What’s the lambda variant?
- The lambda variant is a variant of the original SARS-CoV-2 virus, which we know as the coronavirus or COVID-19.
- These variants naturally come about as the virus spreads. Experts say that new variants appear each day, but they aren’t really a problem unless the new variants give the virus some sort of advantage (which is a disadvantage for those of us fighting it).
- It was first discovered in Peru in late 2020, and experts think that it now represents more than 90% of the new COVID-19 cases in the country.
- Since then, it’s also been found in 29 countries globally, including the United States, the United Kingdom, Canada, Brazil, Argentina, France, Spain and Japan.
- It’s now been put on the World Health Organization’s (WHO) list of “Variants of Interest,” which is one step down from its list of “Variants of Concern.”
How do these variants come about?
- To understand this, you first have to understand a concept called natural selection, or more commonly known as, “survival of the fittest.”
- A famous example of this took place in England in the 1800s, around the time of the industrial revolution. Scientists began noticing that peppered moths with darker complexions became more common than lighter ones of the same species.
- Eventually, they realized that what started as a genetic mutation – moths with much darker wings – eventually became more common because predators couldn’t see them as clearly in the trees that were now covered in soot from the new factories in the area.
- The lighter ones died off, but the darker ones stuck around because they had the evolutionary advantage. And, it’s a similar story with viruses.
- As they reproduce, viruses have a chance to mutate, giving them features that are different from the original virus so they can survive. This is completely natural, and it’s why, for example, we need a different flu shot each year.
- Most of the time these mutations don’t do anything special. In fact, there are more than a dozen COVID-19 variants that the WHO is watching right now, including eta, iota and kappa. So far, none have proved to be any more of a threat than the original variant.
- But sometimes, like we’re seeing with the lambda and the delta variants, the viruses mutate and have features that help them spread more efficiently, eventually knocking out the original because the mutations are superior.
What’s different about the lambda variant?
- It’s too early to say anything with 100% certainty, but there are a few things scientists are making educated guesses about.
- According to Dr. Preeti Malani, the chief health officer at the University of Michigan’s division of infectious diseases, “So far, it seems that Lambda is more transmissible than the original SARS-CoV-2 virus.”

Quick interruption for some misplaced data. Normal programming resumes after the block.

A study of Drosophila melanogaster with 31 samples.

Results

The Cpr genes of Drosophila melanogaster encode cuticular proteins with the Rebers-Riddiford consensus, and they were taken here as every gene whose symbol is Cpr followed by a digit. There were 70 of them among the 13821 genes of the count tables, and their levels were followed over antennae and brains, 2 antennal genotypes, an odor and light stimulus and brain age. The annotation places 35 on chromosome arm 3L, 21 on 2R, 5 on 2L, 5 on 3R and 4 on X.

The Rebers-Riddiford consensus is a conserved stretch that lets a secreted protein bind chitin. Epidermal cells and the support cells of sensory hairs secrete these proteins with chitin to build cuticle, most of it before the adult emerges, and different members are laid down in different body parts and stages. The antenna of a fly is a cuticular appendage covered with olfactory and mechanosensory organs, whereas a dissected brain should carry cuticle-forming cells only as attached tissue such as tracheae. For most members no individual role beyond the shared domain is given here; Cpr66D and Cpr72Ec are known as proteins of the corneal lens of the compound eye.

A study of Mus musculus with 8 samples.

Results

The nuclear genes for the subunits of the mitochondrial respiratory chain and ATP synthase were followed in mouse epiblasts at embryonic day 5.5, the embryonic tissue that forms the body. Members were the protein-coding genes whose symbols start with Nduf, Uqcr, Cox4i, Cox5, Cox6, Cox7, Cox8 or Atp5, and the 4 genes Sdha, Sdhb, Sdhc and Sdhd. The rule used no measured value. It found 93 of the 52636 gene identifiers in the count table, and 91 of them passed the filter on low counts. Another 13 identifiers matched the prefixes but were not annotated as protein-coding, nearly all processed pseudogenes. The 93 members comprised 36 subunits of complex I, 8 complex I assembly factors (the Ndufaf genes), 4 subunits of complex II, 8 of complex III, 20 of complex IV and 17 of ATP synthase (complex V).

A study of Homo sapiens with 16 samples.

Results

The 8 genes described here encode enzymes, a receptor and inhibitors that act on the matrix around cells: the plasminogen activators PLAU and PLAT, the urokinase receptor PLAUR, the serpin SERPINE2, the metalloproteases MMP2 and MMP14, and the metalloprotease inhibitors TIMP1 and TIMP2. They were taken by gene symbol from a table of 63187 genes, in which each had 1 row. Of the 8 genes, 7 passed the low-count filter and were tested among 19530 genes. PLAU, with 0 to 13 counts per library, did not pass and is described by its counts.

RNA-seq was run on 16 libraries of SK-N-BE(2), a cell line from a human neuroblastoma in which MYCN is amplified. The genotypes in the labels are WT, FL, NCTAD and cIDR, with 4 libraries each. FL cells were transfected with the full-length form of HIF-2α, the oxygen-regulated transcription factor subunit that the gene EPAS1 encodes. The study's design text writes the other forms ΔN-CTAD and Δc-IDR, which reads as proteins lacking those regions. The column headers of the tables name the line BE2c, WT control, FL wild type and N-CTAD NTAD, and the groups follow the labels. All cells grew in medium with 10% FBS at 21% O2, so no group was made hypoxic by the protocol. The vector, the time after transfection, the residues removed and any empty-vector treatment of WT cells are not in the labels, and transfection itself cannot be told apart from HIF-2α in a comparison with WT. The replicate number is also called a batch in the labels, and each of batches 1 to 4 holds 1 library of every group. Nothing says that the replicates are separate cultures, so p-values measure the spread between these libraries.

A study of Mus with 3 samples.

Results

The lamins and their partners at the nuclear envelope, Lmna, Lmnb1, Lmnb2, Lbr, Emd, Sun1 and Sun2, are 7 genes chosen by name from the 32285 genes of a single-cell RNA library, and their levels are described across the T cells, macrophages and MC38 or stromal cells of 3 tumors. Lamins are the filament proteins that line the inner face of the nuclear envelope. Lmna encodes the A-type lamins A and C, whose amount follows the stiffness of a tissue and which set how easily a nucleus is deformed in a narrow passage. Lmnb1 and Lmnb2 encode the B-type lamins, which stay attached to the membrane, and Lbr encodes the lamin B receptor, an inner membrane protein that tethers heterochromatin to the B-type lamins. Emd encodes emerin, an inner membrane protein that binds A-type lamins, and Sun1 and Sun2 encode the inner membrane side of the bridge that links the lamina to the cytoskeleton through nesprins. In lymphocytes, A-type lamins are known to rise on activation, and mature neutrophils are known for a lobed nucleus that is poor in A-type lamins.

- This is similar to the delta variant and explains why the two strains have spread so rapidly.
- In the US, the delta variant now represents 83% of sequenced samples, while the lambda variant seems to have taken hold in South America, representing the vast majority of cases in some countries.
- But, experts also don’t see the lambda variant as something that could overtake delta in countries where the delta is in control.
- “They both have advantages in terms of transmissibility,” said Dr. Anna Durbin, an International Health professor at the Johns Hopkins Bloomberg School of Public Health. “I don’t think that the lambda variant could out compete the delta variant.”
Are any of the variants similar?
- Well, there’s one big similarity between the lambda variant to the original strain of COVID-19, and it’s one that scientists are pretty happy about.
- Though research is still in the preliminary stages, scientists say it appears that the existing vaccines, especially two-shot versions like the ones made by Pfizer Inc. or Moderna Inc., do still provide a layer of protection against the lambda variant.
- With that said, one study conducted in July has found evidence that people who got the single-dose Johnson & Johnson vaccine might need a booster shot to better protect them from new variants, including lambda.
- But, scientists have made it clear that nothing is definitive yet. “There needs to be extensive genomic surveillance studies that are done to assess how the vaccines’ efficacy is affected by the Lambda variant,” wrote public health researcher Dr. Ravina Kullar in a CNN interview.
- More research is still needed for anyone to accurately say if the lambda variant should be a bigger concern to people than variants like delta.
- But, the bigger concern for some at the moment is the possibility that, as the virus spreads through unvaccinated populations, a new variant could emerge that is resistant to the vaccines we have.
- “We will continue to develop more and more variants,” said Dr. Gregory Poland, a professor of medicine and director of the Mayo Clinic’s Vaccine Research Group to CNN. He continued, “eventually, one or more of these variants will learn how to evade vaccine-induced immunity. And if that’s true, we start all over again.”
- And, according to Dr. Kullar, the best way to prevent variants from being produced is to get vaccinated, avoid international travel and follow preventive measures, like wearing masks or maintaining social distancing.